Dr. Motsoko Pheko is a historian, political scientist, lawyer, theologian, writer, publisher and researcher. He is a former Member of the South African Parliament. During the liberation struggle against colonialism and apartheid, he had the distinction of a freedom fighter that was imprisoned in South Africa, Rhodesia and detained in Mozambique by the colonial regimes in these countries, for his anti-colonial and anti-apartheid activities. He was in exile for thirty years.  Among the many activities he was involved in was Representative of the victims of apartheid and colonialism at the United Nations in New York and at the Commission on Human Rights in Geneva, calling for release of political prisoners such as Robert Sobukwe, Nelson Mandela, Jafta Masemola, Zephania Mothopeng and Walter Sisulu.

Pheko lost his parents at the age of nine. He and his only brother Ramauoane were brought up by their mother’s eldest sister, Mohau Emily Moerane and her husband Daniel Mokhakala Moerane. Daniel was the eldest brother of Mmamotseki  Epainett  Moerane who married Govan Mbeki. Pheko grew up a shepherd and herd boy in the rural areas of today’s Eastern Cape in South Africa. This is at a place called Mangoloaneng. He looked after 360 sheep, 120 cattle and 77 horses.

He showed signs of a determined learner when he completed a Three-Year Cape  Junior Certificate Course at Mariazell College in two years in subjects such as Typing, Short Hand, Bookkeeping, Commercial Arithmetic and Commerce. Pheko was later taken notice of by an apartheid magistrate who tried him in court for his opposition to apartheid and colonialism. He was already at his early age been promoted to the position of Managing Editor of OUR AFRICA, a monthly magazine which circulated in Southern Africa.

When the prosecutor denied Pheko bail, the court magistrate ruled, “The accused is a man of standing with an excellent personal record in his community. Owing to the seriousness of the charge, however the court cannot impose bail of less than two hundred and fifty pounds.” This was a considerably high sum of money those days.

Pheko was earning fifteen pounds a month.

Pheko was educated at the University of South Africa with a B.A. degree majoring in Political Science and Systematic Theology and reading sociology and history, LL.B from the University of Zambia and a one- year course diploma course to practise law and LL. M. degree in international law at the University of London. He studied with Kensington University for a Doctorate. His Doctoral Thesis was “SOUTH AFRICA: A FUNDAMENTAL QUESTION OF COLONIALISM AND SELF – DETERMINATION CLOUDED BY RACISM MUTILATED HISTORY AND MANIPULATION OF INTERNATIONAL LAW.”

Pheko did all these studies by correspondence or part time. There was no time to be full time university student. Even his Matriculation he acquired by distance learning.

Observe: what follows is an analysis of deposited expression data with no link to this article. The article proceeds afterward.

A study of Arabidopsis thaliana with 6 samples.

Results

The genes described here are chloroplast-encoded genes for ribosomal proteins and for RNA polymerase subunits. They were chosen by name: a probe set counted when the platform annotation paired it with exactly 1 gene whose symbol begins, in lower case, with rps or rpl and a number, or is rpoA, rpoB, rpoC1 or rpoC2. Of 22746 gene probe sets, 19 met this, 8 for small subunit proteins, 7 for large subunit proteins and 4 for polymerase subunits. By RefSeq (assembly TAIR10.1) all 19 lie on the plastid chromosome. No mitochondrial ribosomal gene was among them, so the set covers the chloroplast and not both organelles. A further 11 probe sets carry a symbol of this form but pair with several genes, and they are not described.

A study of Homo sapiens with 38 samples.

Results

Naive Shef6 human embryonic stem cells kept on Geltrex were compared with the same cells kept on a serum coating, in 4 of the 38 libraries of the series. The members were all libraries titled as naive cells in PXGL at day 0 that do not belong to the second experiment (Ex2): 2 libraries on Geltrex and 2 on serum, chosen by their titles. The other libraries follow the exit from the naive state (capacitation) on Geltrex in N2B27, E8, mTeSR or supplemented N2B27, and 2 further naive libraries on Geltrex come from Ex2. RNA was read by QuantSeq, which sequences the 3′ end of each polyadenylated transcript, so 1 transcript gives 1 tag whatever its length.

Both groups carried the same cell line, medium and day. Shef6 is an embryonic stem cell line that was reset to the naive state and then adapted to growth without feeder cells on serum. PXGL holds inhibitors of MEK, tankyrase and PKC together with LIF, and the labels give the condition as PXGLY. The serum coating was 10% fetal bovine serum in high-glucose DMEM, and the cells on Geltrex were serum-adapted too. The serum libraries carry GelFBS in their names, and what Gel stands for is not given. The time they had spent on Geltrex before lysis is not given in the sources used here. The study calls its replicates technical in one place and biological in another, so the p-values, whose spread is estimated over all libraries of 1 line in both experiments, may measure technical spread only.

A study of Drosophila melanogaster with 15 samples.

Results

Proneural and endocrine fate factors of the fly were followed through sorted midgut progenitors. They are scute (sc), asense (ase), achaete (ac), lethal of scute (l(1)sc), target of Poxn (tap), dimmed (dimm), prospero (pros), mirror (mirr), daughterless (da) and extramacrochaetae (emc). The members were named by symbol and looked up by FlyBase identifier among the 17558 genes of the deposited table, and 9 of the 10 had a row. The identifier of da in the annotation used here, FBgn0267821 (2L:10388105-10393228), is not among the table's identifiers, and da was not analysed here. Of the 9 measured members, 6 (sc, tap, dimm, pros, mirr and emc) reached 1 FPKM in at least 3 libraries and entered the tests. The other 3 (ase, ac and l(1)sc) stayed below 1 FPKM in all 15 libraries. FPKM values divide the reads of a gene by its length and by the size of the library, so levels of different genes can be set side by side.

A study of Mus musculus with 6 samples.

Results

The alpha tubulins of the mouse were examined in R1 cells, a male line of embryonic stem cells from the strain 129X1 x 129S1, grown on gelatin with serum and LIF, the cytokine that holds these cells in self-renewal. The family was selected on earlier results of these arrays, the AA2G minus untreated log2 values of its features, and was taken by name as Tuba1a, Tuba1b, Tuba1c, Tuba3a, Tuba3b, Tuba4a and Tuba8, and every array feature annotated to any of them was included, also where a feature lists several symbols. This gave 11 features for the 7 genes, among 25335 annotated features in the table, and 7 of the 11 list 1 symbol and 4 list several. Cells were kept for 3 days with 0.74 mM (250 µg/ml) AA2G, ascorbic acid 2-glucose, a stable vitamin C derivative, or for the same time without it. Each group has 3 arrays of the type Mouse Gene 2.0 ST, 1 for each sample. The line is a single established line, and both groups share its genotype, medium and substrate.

Pheko believes strongly that Africa cannot develop economically and advance technologically without massive education tailored to the needs and interests of Africa. While in exile, therefore, he co-founded Daystar University in Nairobi, Kenya with his long time friends Dr Donald K. Smith and Dr. Faye Smith. This University has trained students from many African countries in various vital professions to serve Africa. Pheko had originally founded OUR AFRICA Magazine with the Smiths in South Africa. Dr. Pheko holds that the greatest damage colonialism did in Africa was on the mind. Therefore, mental decolonisation through appropriate and liberatory knowledge is an imperative.

Dr. Pheko was admitted to the High Court of Zambia as an Advocate. The Supreme Court of South Africa, too, admitted him as Advocate on the 8th August 1996 in Pretoria.

His favourite quote is: “The tragedy of life does not lie in not reaching our goals, but in having no goals to reach. It is not a calamity to die with ideals unfulfilled, but it is a calamity to have no ideals to fulfil. It is not a disgrace not to reach the stars. But it is a disgrace to have no stars to reach.”


Dr. Pheko writes, “To restore Africa to her destroyed power and honour among the nations of the world; Africans must acquire knowledge. African epistemology and general science of knowledge must be part of Africa’s present development economically and technologically.

Africa is the richest continent in the world both spiritually and materially. The material resources of Africa are not benefiting Africa, and will not benefit Africa’s people as long as her people do not hunger after knowledge for capacity to control their own resources, including high technology for capacity to process her raw materials, export them as finished goods and achieve economic liberation which is true liberation and genuine national independence.

Prophet Hosea was not joking when he told his own people in 735 B.C. ‘My people are destroyed for lack of knowledge; because you have rejected knowledge….’ (Hosea 4:6).”